Platinum and Palladium: Short Term Success and Long Term Peril Linked to Electric Vehicles?
Platinum and palladium are crucial ingredients in catalytic converters for car exhausts. These parts turn toxic pollutants into less harmful CO2 and water vapor. The increased regulations in emission controls over the world and increased demand for vehicles has spiked prices for the two precious metals in recent years.
Historically, platinum was always the more expensive option until Q4 2017 when palladium overtook for the first time since 2000. Currently, palladium is priced at $2,154/oz while platinum’s value is $1,097/oz. Over the last 5 years, palladium has outperformed platinum gaining 193.46% as platinum gains just 19.37%.
The two metal’s supplies are relatively identical supplying around 250 tonnes a year. Platinum is sourced primarily (90%) from South Africa and Zimbabwe while palladium is sourced through nickel mines in Russia and South Africa. Platinum is mined exclusively through platinum mines so supply can be adjusted accordingly to global demand. Palladium on the other hand is a by product from nickel mines so the supply is dependent on the nickel market sentiment.
With current market trends and the increasing pressure from climate change, the fates of platinum and palladium are put into question as combustion engines demand will inevitably decrease in coming years. The media as of recently has been giving EVs a major push with stocks like Tesla climbing to new highs at a rapid pace. One country that has been dominating the EV race has been China which was providing major subsidies in 2019 and has consistently lowered these year by year. In 2020, EV growth slowed but exploded in 2021.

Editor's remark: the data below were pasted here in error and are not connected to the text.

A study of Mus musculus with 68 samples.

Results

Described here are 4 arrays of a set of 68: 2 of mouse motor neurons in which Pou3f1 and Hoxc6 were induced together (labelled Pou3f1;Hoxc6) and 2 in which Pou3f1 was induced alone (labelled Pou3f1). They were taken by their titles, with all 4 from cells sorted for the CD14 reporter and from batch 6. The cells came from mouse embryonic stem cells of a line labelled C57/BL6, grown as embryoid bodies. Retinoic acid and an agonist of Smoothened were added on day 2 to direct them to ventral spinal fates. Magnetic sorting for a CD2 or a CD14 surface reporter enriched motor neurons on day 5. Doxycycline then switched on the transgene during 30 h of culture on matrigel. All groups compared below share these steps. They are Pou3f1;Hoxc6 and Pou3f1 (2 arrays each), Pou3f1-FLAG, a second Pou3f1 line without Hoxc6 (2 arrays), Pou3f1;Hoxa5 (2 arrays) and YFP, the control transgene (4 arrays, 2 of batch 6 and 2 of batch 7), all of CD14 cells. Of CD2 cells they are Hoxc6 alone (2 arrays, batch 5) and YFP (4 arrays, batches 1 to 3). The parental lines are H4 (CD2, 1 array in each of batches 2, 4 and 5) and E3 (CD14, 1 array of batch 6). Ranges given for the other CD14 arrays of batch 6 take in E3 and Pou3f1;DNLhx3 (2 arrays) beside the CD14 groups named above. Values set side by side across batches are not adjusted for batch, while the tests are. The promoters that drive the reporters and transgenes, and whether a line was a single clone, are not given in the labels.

Global Plug-In Vehicle Sales (2019-2021)
Source: EV Volumes
As of late, we’ve seen platinum and especially palladium prices fall dramatically due to the semiconductor chip shortage worldwide. Automakers like Toyota had to cut their production by about 40% to cut its operating costs from underperforming factories due to the shortages.
Despite this, we can expect prices to rise once production comes back to normal and a short term increase in the precious metals’ prices too. As supply will lower and demand stagnate and slowly decrease, it is likely prices will increase; for a while. In September, the Tesla Model 3, an electric vehicle overtook the Volkswagen Golf as Europe’s best selling car. Other car makers like Li Auto and NIO also recorded some excellent sales in Q2 of 2021.
Hence, it is likely we’ll see some short term growth for the precious metals but inevitably some hard losses once EVs become largely adopted worldwide. For palladium, this hit will come even harder as vehicles makes up a majority of its uses. Platinum on the other hand, will still benefit from strong industries like jewelry and industrial application.